Obama demonized Wall Street bankers and they responded by closing their wallets. He also has called on wealthier Americans to pay more in taxes — hardly an inspiration to donate, his advisers concede. For some of his most liberal supporters, he has not done enough to promote stronger unions or tougher environmental laws.
And, unlike four years ago, Obama is not campaigning as an optimistic vessel of hope and change.
Obama and his allied DNC committees raised $71 million in June, short of Romney's and Republicans' $106 million. Romney's June haul was just the second time in history that an American campaign and its partner committees passed the $100 million mark, and signals the 2012 GOP presidential fundraising could break Obama's 2008 record of $745 million. The reports also mark a second consecutive month Obama trailed his rival.
"We had our best fundraising month yet, and we still fell about $35 million short," campaign chief operating officer Ann Marie Habershaw told supporters in an email that asked for as little as $3 to help.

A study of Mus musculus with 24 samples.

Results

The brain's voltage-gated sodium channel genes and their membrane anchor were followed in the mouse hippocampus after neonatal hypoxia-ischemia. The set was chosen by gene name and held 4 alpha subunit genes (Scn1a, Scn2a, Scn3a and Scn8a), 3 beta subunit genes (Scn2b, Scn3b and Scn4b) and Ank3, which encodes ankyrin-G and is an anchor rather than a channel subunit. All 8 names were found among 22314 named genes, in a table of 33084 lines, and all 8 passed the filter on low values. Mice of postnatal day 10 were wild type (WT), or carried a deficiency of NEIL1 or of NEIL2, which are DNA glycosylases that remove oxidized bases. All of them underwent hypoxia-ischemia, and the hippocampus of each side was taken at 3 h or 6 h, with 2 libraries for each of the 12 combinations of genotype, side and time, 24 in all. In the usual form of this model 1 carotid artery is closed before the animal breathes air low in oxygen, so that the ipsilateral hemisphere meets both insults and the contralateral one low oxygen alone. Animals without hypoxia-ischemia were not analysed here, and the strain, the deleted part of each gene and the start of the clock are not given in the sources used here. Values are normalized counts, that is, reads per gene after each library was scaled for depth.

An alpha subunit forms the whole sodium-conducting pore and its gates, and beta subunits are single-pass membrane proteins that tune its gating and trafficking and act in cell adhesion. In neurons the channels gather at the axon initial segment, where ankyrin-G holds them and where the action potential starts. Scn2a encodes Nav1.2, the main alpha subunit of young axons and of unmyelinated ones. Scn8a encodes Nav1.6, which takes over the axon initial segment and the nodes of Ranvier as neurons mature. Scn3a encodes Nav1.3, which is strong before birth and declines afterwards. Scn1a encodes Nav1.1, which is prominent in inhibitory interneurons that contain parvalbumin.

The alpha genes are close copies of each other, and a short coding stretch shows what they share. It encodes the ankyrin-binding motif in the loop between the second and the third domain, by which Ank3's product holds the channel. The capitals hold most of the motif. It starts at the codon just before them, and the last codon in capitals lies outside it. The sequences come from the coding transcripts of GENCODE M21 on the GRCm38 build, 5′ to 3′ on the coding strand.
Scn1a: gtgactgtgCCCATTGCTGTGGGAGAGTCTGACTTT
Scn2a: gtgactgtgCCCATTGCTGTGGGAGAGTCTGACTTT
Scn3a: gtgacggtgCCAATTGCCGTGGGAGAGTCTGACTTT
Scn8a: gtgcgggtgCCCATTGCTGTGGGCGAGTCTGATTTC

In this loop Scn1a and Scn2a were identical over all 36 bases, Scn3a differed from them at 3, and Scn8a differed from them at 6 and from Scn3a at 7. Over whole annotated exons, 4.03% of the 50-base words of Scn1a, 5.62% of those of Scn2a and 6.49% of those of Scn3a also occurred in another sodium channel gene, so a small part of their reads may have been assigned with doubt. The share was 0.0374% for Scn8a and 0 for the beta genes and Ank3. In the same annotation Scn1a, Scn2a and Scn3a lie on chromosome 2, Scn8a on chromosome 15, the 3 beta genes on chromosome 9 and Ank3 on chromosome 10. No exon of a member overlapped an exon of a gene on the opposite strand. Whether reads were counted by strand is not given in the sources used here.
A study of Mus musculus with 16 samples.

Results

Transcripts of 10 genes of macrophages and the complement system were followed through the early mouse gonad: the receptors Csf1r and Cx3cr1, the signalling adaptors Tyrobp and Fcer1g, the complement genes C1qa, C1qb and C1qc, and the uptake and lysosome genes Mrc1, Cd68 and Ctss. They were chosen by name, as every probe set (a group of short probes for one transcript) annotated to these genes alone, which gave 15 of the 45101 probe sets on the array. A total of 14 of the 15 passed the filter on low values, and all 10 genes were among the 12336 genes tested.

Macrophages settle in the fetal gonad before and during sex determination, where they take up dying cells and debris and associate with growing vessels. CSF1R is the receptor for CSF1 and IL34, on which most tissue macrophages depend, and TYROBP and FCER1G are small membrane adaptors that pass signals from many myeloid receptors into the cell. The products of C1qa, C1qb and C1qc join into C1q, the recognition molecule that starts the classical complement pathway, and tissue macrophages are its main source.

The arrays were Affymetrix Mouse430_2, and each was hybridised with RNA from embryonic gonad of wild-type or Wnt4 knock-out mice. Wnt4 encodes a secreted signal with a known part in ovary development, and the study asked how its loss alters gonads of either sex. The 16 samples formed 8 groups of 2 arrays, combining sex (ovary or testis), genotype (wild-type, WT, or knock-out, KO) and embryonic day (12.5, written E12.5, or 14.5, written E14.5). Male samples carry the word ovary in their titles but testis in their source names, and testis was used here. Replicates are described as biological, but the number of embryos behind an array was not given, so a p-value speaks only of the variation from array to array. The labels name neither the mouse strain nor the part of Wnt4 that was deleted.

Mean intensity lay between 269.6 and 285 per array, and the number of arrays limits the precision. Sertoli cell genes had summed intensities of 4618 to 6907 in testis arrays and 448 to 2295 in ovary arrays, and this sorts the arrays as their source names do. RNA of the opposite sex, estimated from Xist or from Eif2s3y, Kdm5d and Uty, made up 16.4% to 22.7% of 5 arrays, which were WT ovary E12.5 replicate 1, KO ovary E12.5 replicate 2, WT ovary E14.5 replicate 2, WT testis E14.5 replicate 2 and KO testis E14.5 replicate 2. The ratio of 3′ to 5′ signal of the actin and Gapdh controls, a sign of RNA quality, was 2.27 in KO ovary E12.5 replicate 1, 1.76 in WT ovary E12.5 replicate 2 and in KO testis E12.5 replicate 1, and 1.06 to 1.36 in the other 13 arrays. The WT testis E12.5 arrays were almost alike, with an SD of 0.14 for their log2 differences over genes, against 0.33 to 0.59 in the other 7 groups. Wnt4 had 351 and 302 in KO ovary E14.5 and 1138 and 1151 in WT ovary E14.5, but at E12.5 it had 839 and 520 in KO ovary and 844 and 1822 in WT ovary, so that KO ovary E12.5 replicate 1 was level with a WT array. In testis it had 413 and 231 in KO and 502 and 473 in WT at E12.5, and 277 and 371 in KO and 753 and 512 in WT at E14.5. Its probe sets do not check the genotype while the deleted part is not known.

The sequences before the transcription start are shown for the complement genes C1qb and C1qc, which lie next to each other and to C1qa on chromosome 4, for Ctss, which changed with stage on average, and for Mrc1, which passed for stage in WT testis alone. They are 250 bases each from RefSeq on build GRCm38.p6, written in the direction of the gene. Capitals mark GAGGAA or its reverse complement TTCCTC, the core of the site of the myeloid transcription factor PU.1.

That's not to say Obama is broke or even certain to be outspent. And if he is, it's unlikely to become a determining factor in the election. While campaigns need money to pay staff, finance travel and buy television ads, money alone does not win elections when both candidates are financially competitive.
From the days when Obama and Romney formally announced their campaigns, Obama and his affiliated party groups have raised $552.5 million, compared with Romney's $394.9 million. The nonpartisan Sunlight Foundation broke down the numbers and noted that Romney would need to bring in $39.5 million more than Obama each month to exceed his total.
That leaves a steep climb for Romney, but not an impossible one. Conservatives who were skeptical of Romney now are rallying behind the GOP nominee after a topsy-turvy primary season that saw their favored candidates come up short. Polling shows Republicans eager to vote Obama out of office.
Romney's vice presidential selection in the coming weeks will create additional buzz and likely unleash a fundraising wave for the final months of the campaign.
Never before has an incumbent president failed to outraise a challenger, according to the Center for Responsive Politics, a campaign finance watchdog. In Obama's record-setting 2008 campaign, he made history in September by raising $150 million.
Now, it's Romney's turn to try to shatter that record — and for Obama to defend his.